Andy Farrell’s side fell behind in the three-match series after suffering a resounding 42-19 defeat in Auckland.
Ireland will attempt to bounce back when they take on New Zealand in a must-win second Test.
Andy Farrell’s side fell behind in the three-match series after suffering a resounding 42-19 defeat last weekend in Auckland.
Here, the PA news agency picks out some of the main talking points ahead of Saturday’s clash in Dunedin.
All eyes will be on Johnny Sexton after his selection raised concerns and prompted ongoing debate. Ireland’s influential skipper was unable to have much impact at Eden Park and became a doubt for the second Test after being forced off by a head knock with around half an hour gone. Sexton, who will celebrate his 37th birthday on Monday, has passed subsequent assessments to satisfy World Rugby rules regarding suspected concussion and retain the number 10 jersey. He insisted there are no issues with his physical condition. Yet the swift return to action has not been well received by some, including safety campaign group Progressive Rugby.
Return of the Mack
Ireland’s ranks have been bolstered by fit-again winger Mack Hansen following his bout of Covid-19. The 24-year-old replaces Keith Earls in the only change to Farrell’s starting XV and could offer a different dimension to the Irish attack having impressed since making his Test debut in this year’s Six Nations. New Zealand have also made a single change, albeit an enforced one. Experienced lock Sam Whitelock, who last week became the All Blacks’ second most-capped player, misses out due to concussion, resulting in a reshuffle in the pack as Scott Barrett pushes forward into the second row and Dalton Papalii comes in at blindside flanker.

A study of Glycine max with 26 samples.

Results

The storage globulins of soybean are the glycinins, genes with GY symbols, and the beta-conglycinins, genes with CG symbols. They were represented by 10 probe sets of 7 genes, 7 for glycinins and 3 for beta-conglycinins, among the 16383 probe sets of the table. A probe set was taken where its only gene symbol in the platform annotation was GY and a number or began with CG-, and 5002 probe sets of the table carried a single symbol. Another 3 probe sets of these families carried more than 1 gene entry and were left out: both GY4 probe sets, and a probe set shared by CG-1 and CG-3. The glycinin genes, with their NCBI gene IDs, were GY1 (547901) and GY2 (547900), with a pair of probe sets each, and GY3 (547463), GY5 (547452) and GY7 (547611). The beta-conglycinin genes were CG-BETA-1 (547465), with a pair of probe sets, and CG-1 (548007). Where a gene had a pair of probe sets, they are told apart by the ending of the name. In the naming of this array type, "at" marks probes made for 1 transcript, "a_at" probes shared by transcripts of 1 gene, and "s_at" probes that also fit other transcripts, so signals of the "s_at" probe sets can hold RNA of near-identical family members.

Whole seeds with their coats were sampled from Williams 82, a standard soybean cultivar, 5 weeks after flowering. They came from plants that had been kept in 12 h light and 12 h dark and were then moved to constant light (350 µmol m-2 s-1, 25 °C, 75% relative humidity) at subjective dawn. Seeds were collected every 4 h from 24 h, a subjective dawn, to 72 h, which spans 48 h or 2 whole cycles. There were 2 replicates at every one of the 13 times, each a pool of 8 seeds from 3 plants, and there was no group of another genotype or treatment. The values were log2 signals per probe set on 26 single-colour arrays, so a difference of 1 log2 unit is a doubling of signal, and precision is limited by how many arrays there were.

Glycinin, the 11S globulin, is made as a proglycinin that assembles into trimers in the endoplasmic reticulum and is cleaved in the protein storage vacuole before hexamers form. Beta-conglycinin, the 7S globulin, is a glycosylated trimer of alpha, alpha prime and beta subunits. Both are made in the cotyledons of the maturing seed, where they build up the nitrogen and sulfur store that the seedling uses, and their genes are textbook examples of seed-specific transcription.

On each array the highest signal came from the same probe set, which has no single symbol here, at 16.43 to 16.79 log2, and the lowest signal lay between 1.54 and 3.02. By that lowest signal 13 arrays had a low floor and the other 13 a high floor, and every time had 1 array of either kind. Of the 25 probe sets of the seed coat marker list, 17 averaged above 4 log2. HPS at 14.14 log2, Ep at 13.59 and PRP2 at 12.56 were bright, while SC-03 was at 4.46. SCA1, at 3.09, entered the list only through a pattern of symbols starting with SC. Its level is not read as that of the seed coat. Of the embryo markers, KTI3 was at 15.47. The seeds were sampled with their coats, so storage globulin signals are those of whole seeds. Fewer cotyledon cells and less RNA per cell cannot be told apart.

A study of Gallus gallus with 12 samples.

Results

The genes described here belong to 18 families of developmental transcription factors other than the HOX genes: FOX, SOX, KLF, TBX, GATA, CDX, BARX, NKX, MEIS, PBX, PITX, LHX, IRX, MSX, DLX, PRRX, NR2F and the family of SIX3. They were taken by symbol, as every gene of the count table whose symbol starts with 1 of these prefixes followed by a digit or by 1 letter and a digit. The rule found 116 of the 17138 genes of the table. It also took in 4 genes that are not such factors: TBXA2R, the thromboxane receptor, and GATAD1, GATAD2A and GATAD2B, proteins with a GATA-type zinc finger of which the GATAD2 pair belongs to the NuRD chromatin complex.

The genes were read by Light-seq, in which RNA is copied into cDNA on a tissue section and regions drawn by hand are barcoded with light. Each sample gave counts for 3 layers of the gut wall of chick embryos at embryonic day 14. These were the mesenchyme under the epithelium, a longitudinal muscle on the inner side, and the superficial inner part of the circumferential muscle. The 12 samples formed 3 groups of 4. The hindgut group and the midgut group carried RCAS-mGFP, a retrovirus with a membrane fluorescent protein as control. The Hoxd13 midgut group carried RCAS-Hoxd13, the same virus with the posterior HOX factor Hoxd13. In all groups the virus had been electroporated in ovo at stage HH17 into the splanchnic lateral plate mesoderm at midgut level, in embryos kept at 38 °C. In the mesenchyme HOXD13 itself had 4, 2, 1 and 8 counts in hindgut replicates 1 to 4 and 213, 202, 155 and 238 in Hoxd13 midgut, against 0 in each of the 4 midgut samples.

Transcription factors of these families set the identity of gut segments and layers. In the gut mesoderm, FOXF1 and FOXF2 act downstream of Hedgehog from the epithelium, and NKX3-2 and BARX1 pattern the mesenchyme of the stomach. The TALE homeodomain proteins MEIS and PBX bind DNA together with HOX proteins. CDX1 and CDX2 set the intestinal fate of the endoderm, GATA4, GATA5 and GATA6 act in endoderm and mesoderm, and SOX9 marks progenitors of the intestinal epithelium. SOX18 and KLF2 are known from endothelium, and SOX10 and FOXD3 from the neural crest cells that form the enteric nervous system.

As bluntly pointed out by assistant coach Mike Catt, Ireland do not have time to “muck about” or feel sorry for themselves. While the Auckland hammering was only a second defeat in 14 Tests for Farrell’s men, it no doubt dealt a blow to confidence. If the Irish wish to remain alive in the series, they must immediately regroup and somehow mastermind a maiden success over the Kiwis on New Zealand soil. Australia-born Hansen believes many have already written off Ireland and feels the greater pressure is on the hosts. He also said the opportunity to make history serves as an additional incentive in the quest to force a decider in Wellington.
Ireland faded fast from a strong start in the opener and were undermined by a string of costly blunders which the ruthless All Blacks clinically exploited. While Farrell has shown loyalty in his selection, he knows that a repeat of the alarming error count will almost certainly culminate in a similar outcome. On the flipside, the Englishman can take comfort from his team’s encouraging attacking play. Ireland enjoyed plenty of forays into New Zealand’s 22, ran in three tries and were held up on a number of occasions, with Joey Carbery and Josh Van Der Flier particularly unfortunate. Tightening up and coming out on the right side of some fine margins could make a substantial difference.
While there has been incessant wet weather in Dunedin, with more rain forecast, the conditions cannot dampen the spectacle, as Saturday’s encounter will be staged at the revolutionary Forsyth Barr Stadium. Dubbed ‘The Glasshouse’, the 30,000-seater venue features a grass pitch underneath a permanent, transparent roof constructed from the same plastic material used to create the Eden Project in Cornwall. Protection from the elements should prove conducive to the free-flowing, running rugby favoured by both sides. Ireland’s only previous appearance at the ground came in the pool stage of the 2011 World Cup when a team including current internationals Sexton, Earls, Cian Healy and Conor Murray defeated Italy 36-6.